April 27, 2009
Two education leaders who have been dueling via press releases, bristling statements to reporters, and dueling events in Harlem will come face-to-face this week, in a debate broadcast on NY1, the local TV news channel, spokespeople for both leaders have confirmed. The debate is scheduled for this Thursday night.
Randi Weingarten, the leader of the politically powerful teachers union, is preparing to debate Eva Moskowitz, the former City Council member-turned-charter school operator, on Dominic Carter’s evening talk show, “The Road to City Hall.”
The teachers union spokesman, Brian Gibbons, said that NY1 contacted Weingarten and asked her to appear on the show with Moskowitz. Weingarten said yes.
The crux of the disagreement between the women is Moskowitz’s contention that the teachers union prevents progress in educating children by opposing innovations like charter schools. The union has opposed the growth of charter schools and filed a lawsuit recently meant to block charter schools from replacing traditional public schools. Members of Weingarten’s union say that these efforts are necessary to counter people like Moskowitz, who they say alienate and vilify teachers and seek to bust unions. They also criticize charter schools as divisive because they sometimes have lower portions of needy students, such as those who receive special education students and those who haven’t yet mastered English.
Most recently, the union moved against Moskowitz by throwing a parade in Harlem on Saturday meant to showcase all schools there — not just charter schools. Moskowitz has organized several of her own events in Harlem promoting charter schools and urging political leaders to expand their number.
A vice president of the teachers union, Carmen Alvarez, said Saturday at a panel on school governance that I moderated that the parade was meant to counter negative statements about traditional public schools in Harlem. Governor David Paterson was among those who marched in the parade.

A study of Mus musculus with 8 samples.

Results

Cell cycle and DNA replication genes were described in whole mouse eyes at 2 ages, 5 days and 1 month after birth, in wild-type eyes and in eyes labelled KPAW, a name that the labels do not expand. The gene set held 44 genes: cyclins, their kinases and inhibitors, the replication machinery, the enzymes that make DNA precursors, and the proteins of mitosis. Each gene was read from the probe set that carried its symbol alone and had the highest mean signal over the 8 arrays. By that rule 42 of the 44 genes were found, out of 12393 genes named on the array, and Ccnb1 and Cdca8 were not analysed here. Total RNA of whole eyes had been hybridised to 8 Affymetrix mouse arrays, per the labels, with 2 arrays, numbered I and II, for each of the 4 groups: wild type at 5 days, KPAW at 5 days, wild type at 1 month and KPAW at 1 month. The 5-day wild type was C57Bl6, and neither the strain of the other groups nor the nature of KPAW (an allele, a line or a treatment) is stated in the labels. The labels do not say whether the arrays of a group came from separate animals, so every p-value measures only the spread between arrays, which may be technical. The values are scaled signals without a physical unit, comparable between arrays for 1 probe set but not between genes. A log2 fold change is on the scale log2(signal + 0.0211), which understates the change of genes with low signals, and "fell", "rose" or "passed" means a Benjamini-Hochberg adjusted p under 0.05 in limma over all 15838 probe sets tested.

The beef began with Moskowitz’s career as chair of the City Council’s education committee, where she took on everything from the Bloomberg administration’s claims about rising test scores to the role that union-negotiated contracts play in constricting school leaders. When Moskowitz lost her battle to Scott Stringer to become the borough president of Manhattan, she said that the election outcome was a result of union’s vociferous campaign against her.
Weingarten reprised the rivalry recently by filing a lawsuit against the Department of Education over its decision to replace traditional public schools with charter schools, including one run by Moskowitz. Charter schools are publicly funded but operate outside the traditional district framework, so their teachers and staff are often not represented by unions. The lawsuit prompted the city to reverse course and keep the district-run school open.
Then, at a recent City Council hearing on charter schools, Moskowitz declared that a “union-political complex” is holding back the city’s progress on education. Moskowitz’s accusation gained steam as we reported that the union that day had handed out scripted questions to Council members. Weingarten shot back, accusing Moskowitz of hypocrisy, and then Moskowitz shot back, demanding an apology.
UPDATE: The original version of this post did not include a statement from Moskowitz’s spokeswoman, who had not then returned my requests for comment.
UPDATE 2: I confirmed that the debate is scheduled for this Thursday night.